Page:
The Magazine

A Few Good Liberals

Liberalism stands strong in the United Kingdom.

May 1, 2006, Vol. 11, No. 31 • By WILLIAM KRISTOL

Not so in Great Britain. There, Tony Blair has shown strength and confidence in defense of liberty, and it turns out he is not alone. A couple of weeks ago, a group of "democrats and progressives" released the "Euston Manifesto" (eustonmanifesto.org) proposing to draw a line between a soft and relativist left and the strong and confident democratic left that the signers seek to invigorate.

The primary author of the manifesto appears to be Norman Geras, a British academic, and the long list of signatories includes serious intellectuals like Oliver Kamm (author of Anti-Totalitarianism: The Left-Wing Case for a Neoconservative Foreign Policy) and John Lloyd of the Financial Times, to mention just two. It's an impressive document. It articulates 15 principles reminiscent of the much-missed liberal anti-totalitarianism of the early Cold War period.

Here, for instance, is the entry titled "No Apology for Tyranny":

We decline to make excuses for, to indulgently "understand," reactionary regimes and movements for which democracy is a hated enemy--regimes that oppress their own peoples and movements that aspire to do so. We draw a firm line between ourselves and those left-liberal voices today quick to offer an apologetic explanation for such political forces.

The manifesto's signers also "reject without qualification the anti-Americanism now infecting so much left-liberal (and some conservative) thinking. This is not a case of seeing the United States as a model society. We are aware of its problems and failings. But these are shared in some degree with all of the developed world. The United States of America is . . . the home of a strong democracy with a noble tradition behind it and lasting constitutional and social achievements to its name."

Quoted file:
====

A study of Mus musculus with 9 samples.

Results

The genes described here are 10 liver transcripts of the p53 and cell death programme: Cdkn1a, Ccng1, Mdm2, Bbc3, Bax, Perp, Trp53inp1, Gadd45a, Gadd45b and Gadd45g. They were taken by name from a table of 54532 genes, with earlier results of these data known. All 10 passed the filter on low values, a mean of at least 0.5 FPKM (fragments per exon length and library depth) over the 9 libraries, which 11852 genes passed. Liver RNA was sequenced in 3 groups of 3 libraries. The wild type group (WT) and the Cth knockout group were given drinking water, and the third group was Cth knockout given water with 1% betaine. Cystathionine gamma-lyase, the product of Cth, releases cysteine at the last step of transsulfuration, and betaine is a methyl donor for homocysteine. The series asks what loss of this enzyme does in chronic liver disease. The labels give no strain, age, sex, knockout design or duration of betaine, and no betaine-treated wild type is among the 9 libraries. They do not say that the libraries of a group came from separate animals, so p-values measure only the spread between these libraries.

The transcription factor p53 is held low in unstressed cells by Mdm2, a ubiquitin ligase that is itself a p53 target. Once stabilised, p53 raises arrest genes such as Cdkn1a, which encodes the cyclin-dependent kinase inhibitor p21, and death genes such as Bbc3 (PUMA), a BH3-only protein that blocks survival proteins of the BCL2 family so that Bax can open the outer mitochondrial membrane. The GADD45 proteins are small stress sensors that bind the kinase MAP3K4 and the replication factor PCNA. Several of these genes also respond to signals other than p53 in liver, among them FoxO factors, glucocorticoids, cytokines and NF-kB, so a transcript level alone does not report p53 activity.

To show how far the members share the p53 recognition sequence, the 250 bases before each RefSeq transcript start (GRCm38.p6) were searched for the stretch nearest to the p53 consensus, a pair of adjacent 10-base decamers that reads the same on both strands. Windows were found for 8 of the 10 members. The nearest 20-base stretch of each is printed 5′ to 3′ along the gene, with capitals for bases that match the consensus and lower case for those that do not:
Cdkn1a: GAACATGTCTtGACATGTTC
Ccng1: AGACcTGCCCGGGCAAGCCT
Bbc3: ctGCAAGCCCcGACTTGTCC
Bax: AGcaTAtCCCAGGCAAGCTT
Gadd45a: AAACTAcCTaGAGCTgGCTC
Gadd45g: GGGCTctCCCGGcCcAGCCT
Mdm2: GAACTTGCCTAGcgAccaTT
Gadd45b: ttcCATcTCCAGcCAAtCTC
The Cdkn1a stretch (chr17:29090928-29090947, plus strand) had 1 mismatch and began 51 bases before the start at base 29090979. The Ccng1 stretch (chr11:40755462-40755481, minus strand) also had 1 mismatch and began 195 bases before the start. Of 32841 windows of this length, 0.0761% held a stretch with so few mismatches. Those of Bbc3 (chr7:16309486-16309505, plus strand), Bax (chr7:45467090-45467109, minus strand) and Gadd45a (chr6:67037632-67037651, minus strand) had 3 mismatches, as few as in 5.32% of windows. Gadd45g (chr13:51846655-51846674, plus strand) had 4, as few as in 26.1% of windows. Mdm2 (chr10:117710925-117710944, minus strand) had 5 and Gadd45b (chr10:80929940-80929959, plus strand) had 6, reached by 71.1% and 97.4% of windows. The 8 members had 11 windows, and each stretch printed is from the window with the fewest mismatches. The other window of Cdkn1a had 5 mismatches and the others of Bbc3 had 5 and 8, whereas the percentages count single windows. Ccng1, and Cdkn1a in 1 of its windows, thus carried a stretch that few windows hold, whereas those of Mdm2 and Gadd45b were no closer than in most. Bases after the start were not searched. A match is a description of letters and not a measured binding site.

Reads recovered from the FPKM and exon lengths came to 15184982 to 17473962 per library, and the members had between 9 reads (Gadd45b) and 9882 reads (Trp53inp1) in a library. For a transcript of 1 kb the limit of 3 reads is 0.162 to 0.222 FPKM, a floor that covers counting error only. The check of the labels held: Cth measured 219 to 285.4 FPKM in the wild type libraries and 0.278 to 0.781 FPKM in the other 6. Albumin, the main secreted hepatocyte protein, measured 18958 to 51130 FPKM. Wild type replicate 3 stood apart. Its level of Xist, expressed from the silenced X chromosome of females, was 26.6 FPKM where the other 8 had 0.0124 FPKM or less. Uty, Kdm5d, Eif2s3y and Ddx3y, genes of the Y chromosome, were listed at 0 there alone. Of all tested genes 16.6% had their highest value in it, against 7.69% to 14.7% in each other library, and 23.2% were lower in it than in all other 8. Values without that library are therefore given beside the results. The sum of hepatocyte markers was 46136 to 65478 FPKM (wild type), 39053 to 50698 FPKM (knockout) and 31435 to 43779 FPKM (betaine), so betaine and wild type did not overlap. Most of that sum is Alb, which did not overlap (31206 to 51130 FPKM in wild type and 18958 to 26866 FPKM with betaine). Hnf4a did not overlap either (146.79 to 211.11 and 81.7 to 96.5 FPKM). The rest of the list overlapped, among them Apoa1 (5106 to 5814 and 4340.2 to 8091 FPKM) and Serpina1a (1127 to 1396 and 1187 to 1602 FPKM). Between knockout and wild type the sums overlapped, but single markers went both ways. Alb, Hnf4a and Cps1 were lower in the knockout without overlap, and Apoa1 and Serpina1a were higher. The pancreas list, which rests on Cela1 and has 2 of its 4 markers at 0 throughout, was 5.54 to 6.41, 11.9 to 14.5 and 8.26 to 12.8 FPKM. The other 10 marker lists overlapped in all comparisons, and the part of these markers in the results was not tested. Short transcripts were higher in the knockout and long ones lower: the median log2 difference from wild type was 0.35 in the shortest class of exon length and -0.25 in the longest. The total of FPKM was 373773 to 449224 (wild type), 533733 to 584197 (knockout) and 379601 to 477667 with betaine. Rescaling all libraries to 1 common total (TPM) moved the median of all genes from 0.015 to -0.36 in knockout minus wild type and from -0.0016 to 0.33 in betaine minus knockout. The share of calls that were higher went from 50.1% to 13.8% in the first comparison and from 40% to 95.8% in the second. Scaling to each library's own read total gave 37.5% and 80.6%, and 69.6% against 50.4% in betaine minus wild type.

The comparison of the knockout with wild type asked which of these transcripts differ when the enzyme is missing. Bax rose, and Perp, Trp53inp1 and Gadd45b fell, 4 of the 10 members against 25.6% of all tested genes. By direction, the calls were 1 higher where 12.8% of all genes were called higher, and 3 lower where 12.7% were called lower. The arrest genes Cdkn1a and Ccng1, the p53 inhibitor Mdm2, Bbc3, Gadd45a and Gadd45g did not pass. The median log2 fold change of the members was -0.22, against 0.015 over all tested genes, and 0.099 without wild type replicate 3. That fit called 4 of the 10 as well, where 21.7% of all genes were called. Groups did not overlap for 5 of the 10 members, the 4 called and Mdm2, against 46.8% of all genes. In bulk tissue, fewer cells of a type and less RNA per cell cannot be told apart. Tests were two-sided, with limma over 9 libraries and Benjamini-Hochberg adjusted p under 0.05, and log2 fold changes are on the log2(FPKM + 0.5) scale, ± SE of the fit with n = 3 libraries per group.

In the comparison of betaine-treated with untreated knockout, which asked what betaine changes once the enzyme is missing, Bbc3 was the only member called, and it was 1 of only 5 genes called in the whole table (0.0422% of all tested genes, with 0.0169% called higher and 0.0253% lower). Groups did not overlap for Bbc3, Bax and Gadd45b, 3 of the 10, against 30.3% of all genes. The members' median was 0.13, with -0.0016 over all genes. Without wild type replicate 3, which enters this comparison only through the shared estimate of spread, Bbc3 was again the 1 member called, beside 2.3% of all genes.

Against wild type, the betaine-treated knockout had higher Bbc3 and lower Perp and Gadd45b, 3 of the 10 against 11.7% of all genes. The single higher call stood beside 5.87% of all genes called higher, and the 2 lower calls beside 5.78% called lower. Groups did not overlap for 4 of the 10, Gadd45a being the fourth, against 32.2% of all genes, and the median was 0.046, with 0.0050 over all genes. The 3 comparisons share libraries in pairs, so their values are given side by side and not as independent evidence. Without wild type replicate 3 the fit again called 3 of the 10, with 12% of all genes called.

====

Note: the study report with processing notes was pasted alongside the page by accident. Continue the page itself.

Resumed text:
Two more quotations. There is this on making common cause with other opponents of terrorism:

Drawing the lesson of the disastrous history of left apologetics over the crimes of Stalinism and Maoism, as well as more recent exercises in the same vein (some of the reaction to the crimes of 9/11, the excuse-making for suicide-terrorism, the disgraceful alliances lately set up inside the "anti-war" movement with illiberal theocrats), we reject the notion that there are no opponents on the Left. We reject, similarly, the idea that there can be no opening to ideas and individuals to our right. Leftists who make common cause with, or excuses for, anti-democratic forces should be criticized in clear and forthright terms. Conversely, we pay attention to liberal and conservative voices and ideas if they contribute to strengthening democratic norms and practices and to the battle for human progress.



And this, on Iraq:




The founding supporters of this statement took different views on the military intervention in Iraq, both for and against. . . . We are, however, united in our view about the reactionary, semi-fascist and murderous character of the Baathist regime in Iraq, and we recognize its overthrow as a liberation of the Iraqi people. We are also united in the view that, since the day on which this occurred, the proper concern of genuine liberals and members of the Left should have been the battle to put in place in Iraq a democratic political order and to rebuild the country's infrastructure, to create after decades of the most brutal oppression a life for Iraqis which those living in democratic countries take for granted--rather than picking through the rubble of the arguments over intervention. . . . This opposes us not only to those on the Left who have actively spoken in support of the gangs of jihadist and Baathist thugs of the Iraqi so-called resistance, but also to others who manage to find a way of situating themselves between such forces and those trying to bring a new democratic life to the country.